Lake Stevens Journal - Your hometown newspaper since 1960

 

In WA Prisons, a Mother's Day “Disconnect”

 

May 11, 2012



OLYMPIA, Wash. - Calling Mom on Mother's Day can be an expensive proposition if you're in prison. In Washington, people who are incarcerated pay a service charge from $3.50 to $4.95 per call, and another 89 cents per minute.

That's even higher than in Massachusetts, where advocates are challenging the prison phone rates, saying they create additional burdens for families trying to provide support for incarcerated loved ones. Attorney Lee Petro, an expert on prison telephone service contracts, says the prisons strike deals with service providers that include commissions or "kickbacks" to state and county governments.

"In states where there are preexisting contracts that involve commissions that are being paid to the local governments or state governments, a 15-minute phone call can cost more than $20."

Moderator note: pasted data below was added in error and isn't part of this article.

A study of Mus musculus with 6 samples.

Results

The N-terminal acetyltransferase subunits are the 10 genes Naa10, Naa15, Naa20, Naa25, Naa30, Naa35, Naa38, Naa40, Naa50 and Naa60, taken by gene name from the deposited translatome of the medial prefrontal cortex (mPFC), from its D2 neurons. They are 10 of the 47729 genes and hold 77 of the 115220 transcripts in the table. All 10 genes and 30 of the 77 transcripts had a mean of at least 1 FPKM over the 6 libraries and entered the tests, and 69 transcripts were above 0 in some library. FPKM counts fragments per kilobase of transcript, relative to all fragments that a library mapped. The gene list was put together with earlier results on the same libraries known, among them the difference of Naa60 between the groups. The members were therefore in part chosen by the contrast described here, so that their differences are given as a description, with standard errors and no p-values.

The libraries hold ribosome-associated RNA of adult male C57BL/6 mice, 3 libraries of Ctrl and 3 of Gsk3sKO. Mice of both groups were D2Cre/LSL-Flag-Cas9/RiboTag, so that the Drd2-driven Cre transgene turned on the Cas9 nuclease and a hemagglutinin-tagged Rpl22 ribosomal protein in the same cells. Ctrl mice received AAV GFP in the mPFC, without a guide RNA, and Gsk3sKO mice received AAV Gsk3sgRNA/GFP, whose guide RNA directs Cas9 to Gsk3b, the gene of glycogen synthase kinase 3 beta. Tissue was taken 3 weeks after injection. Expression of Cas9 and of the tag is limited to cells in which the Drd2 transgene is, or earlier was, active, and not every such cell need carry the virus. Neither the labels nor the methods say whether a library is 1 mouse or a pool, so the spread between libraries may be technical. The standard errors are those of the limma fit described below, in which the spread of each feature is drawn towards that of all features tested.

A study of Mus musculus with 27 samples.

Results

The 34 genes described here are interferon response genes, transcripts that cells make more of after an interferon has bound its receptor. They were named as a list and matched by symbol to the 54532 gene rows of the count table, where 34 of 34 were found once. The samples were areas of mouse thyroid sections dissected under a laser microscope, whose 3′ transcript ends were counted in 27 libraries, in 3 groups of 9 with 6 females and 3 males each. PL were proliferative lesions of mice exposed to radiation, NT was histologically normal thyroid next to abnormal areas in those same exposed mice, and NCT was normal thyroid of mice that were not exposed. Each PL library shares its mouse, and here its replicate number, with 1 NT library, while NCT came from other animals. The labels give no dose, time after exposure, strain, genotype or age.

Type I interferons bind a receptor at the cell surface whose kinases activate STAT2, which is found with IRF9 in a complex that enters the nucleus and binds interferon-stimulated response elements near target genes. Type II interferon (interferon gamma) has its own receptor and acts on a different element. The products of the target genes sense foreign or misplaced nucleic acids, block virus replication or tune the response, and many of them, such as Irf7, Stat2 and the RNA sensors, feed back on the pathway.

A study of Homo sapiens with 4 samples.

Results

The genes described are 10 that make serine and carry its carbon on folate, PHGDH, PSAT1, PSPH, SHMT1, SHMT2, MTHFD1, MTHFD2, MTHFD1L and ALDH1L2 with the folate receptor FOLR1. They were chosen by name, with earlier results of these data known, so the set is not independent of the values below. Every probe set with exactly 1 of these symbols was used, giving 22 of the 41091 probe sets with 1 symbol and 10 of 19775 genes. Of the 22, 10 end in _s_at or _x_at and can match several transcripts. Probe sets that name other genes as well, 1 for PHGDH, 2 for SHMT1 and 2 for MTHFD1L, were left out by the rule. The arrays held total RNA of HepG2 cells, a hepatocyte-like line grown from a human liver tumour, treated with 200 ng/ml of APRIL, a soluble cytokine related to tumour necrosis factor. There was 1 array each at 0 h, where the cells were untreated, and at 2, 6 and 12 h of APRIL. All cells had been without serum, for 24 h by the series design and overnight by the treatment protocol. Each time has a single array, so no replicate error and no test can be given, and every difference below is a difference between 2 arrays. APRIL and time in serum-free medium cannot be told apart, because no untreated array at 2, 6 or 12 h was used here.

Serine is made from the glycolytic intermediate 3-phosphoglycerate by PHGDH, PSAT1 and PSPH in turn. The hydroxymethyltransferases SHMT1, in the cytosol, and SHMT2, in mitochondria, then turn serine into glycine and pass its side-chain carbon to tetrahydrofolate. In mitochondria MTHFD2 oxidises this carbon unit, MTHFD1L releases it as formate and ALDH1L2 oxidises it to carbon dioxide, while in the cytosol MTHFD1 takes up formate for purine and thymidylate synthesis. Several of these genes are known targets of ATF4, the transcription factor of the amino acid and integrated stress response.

In Washington, the average inmate spends about $50 a month on phone calls. The state Corrections Department says the phone contract commissions are put in what's called the Offender Welfare Betterment Account, which it says is used for family-friendly activities, TV systems, buying law library books, and unspecified capital projects.

Steven Renderos with the Center for Media Justice is an organizer of a Mother's Day of Action today. On the website PhoneJustice.org, his group is collecting stories about prisoners and families affected by the high-cost phone calls.

"It's an opportunity to elevate stories from families, from people who have loved ones behind bars. And we're going to send those stories directly to the FCC, because the Federal Communications Commission has a direct role to play in addressing the rates of phone calls within prisons."

Washington's contract is with a subsidiary of Global Tel-Link, an Alabama company that is the nation's largest prison phone service provider. Historically, the higher costs have been rationalized by the need to monitor jailhouse calls. Critics of the contract system say technology has brought those costs down, but inmates and their families continue to pay higher prices to stay in touch.